Word she's planning to quit is a rumour started by others, says Delta South MLA Vicki Huntington, who's looking forward to the next provincial election.
With a year to go before B.C. voters head back to the polls, the independent MLA, who held a recent fundraising event, is making it clear she does not plan to retire once her second term is complete, despite some speculation to the contrary.
"People have been really supportive and I keep getting the comment, 'If you don't run Vicki, what do we do then?' I'm so blessed they've given an independent an opportunity to work on behalf of the people," Huntington told the Optimist last week.
The Liberals won another majority government in 2013, but Delta South voters bucked the trend by re-electing an independent for a second term. Although her political leanings are Conservative, Huntington has long been outspoken when it comes to issues she cares about, including protecting the environment and the preservation of farmland. In 2009, the former Delta councillor's gamble to run provincially paid off when she became the first independent in 60 years to win a seat in the legislature. In 2013, she made B.C. election history by becoming the first independent ever to be re-elected.
Huntington's first victory over Liberal cabinet minister Wally Oppal was a squeaker that required a recount, but the second time around saw her beat Liberal challenger, and Delta councillor, Bruce McDonald by a comfortable 2,500-vote margin, earning 48 per cent of the vote in the process.
In the last election she held onto a good chunk of the disenchanted Liberal vote she won in 2009, while also benefitting from many New Democrats strategically parking their votes. The Greens, meanwhile, didn't run a candidate out of respect for Huntington.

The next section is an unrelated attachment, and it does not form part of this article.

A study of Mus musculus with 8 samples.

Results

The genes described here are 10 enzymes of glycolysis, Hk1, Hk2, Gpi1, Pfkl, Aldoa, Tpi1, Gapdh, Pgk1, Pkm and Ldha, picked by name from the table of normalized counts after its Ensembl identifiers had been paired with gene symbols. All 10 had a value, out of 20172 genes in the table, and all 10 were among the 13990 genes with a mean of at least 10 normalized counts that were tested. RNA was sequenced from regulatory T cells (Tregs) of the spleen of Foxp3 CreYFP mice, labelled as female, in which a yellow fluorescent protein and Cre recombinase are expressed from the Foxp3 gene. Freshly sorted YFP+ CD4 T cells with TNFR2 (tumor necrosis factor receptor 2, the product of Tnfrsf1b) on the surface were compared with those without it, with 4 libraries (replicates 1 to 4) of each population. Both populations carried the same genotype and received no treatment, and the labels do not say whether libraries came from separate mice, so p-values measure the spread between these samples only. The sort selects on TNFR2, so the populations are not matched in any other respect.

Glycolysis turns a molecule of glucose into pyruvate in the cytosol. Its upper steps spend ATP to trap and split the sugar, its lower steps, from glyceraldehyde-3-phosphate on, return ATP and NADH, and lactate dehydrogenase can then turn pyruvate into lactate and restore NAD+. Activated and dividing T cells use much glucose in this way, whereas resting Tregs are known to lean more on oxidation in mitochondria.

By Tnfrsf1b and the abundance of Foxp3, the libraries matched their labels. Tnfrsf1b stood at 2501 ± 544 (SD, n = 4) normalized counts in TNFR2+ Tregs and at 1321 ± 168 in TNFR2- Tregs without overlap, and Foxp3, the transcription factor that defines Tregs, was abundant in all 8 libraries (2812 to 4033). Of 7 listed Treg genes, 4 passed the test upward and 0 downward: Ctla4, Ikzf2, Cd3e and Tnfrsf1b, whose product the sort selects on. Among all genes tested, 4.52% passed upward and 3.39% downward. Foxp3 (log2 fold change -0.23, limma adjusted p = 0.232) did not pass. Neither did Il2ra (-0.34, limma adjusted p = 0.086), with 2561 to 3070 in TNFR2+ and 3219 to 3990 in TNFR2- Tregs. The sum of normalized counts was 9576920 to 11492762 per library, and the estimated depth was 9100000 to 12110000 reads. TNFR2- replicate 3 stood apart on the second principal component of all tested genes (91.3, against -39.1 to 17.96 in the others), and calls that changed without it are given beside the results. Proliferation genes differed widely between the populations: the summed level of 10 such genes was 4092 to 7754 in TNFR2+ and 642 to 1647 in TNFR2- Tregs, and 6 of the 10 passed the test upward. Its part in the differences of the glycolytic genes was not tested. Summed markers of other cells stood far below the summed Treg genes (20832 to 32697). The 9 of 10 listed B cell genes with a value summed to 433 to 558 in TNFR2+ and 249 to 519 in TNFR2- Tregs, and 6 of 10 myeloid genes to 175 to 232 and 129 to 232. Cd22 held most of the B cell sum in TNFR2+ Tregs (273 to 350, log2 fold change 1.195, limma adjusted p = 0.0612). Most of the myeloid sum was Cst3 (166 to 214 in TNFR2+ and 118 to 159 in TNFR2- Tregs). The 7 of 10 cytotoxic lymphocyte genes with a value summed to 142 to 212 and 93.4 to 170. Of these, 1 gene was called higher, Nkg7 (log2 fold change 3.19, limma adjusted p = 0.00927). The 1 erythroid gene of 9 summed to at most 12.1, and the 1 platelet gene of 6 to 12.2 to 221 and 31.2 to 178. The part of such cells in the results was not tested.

Huntington said she's enjoyed representing the riding.
"Hopefully the people know that I've tried to do it honourably and have worked as hard as I can for them," she said.
Although a nomination meeting hasn't been set, Delta South Liberals have already approved civic councillor Ian Paton to run for the nomination, while former Delta police chief Jim Cessford has filed his application and is awaiting approval to run for the Liberal nomination as well.
Noting he was approached to run, Paton, a farmer and lifelong South Deltan who's seen many changes in the riding, said he'd be a champion for protecting agricultural land.
"I want to make sure any future port expansion is done ethically and environmentally," he said. "I feel I'm the right person to carry on provincially and if I'm part of the party in power I can bring positive change to Delta or financial assistance. I know what's going on in Delta, I know the past and hopefully be part of a government in power that brings positive change."
The NDP don't have a candidate lined up but are actively looking for a suitable person, said provincial party president Craig Keating.
"There's a candidate search going on right now all across the province and certainly in Delta South as well," he said.
Nearing the end of his first term as the Liberal MLA in Delta North, former civic councillor Scott Hamilton said he plans to run again. Noting he's learned much in the past three years, Hamilton said he's proud of his government's results.
As far as speculation that Coun. Sylvia Bishop may run against him for the NDP, as was the case in 2013, Bishop told the Optimist she had been approached by various people asking her to run, but she takes "immense satisfaction in representing North Delta and South Delta as a member of Delta council and will not be running in next year's provincial election."
The next general election is scheduled for May 9, 2017.